Law firm Maples and Calder will continue its sponsorship of grass roots football in the Cayman Islands despite recent controversies surrounding the game’s local governing body.
Maples confirmed late last week that Bruce Blake, the acting head of the Cayman Islands Football Association, had resigned from his job as an associate in its finance group, after 17 years with the firm.
Maples said in a statement that Mr. Blake had decided to focus his energies on his role with the football association. Mr. Blake did not respond to calls from the Cayman Compass last week.
A spokesman for the firm confirmed that it would maintain its $100,000 annual sponsorship of local football.
He said, “As the title sponsor of the CIFA Maples Grassroots Programme, Maples and Calder will continue to promote initiatives that allow the young citizens of the Cayman Islands to play football, which fosters discipline, teamwork, camaraderie, as well as the ancillary benefit of helping working families with young children manage in the after-school and weekend sessions.
“We believe it to be a well-run and successful program and expect to see it develop further over the next year.”
Government pulled its $130,000 annual funding to the football association last month, citing concerns about the election process for the leadership of the association. In a separate development, CIFA’s accounts were later referred to the Anti-Corruption Commission.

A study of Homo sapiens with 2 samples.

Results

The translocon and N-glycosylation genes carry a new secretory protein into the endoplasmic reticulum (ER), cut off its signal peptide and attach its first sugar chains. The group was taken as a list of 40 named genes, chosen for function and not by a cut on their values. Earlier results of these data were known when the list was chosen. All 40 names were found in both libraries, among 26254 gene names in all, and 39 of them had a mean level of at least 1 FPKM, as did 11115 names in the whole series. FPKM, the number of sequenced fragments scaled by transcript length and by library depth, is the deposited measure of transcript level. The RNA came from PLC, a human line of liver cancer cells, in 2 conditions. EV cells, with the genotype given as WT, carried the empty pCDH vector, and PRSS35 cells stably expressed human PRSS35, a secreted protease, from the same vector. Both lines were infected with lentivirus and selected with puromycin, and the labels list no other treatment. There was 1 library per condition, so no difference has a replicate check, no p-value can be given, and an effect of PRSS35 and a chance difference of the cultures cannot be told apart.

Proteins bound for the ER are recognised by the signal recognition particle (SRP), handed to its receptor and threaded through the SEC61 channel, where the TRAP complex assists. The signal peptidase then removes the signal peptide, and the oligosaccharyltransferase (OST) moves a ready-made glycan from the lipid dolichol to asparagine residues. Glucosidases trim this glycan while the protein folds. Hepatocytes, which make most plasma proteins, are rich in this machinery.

The association’s suspended president Jeffrey Webb is facing multiple corruption charges in New York, while Webb and former CIFA treasurer Canover Watson have both been charged in a separate local investigation into Health Services Authority contracts.
The spokesman for Maples acknowledged the allegations and investigations concerning CONCACAF had thrown Cayman into the international media spotlight. He added that Cayman’s reputation as a “stable and robust jurisdiction” remained intact.
“We do not think the reputation of the whole jurisdiction should be questioned simply as a result of allegations made in respect of the actions of certain individuals,” he said.
Maples confirmed that Mr. Blake had stepped down from his role on Aug. 28, the day before he was re-elected unopposed as first vice president and acting leader of the football association. In a statement to the Compass, the firm said Mr. Blake had indicated he wished to focus his energies on CIFA.
“Bruce has been involved with the sport long before he joined our firm in 1998 and has continued to play an integral part in its development over the years, both locally and internationally. Bruce’s many years of service and hard work are appreciated and, while his departure is a loss to the firm, we are supportive of Bruce’s decision and appreciate his desire to focus his energy on developing the sport. We wish him every success in his future endeavours.”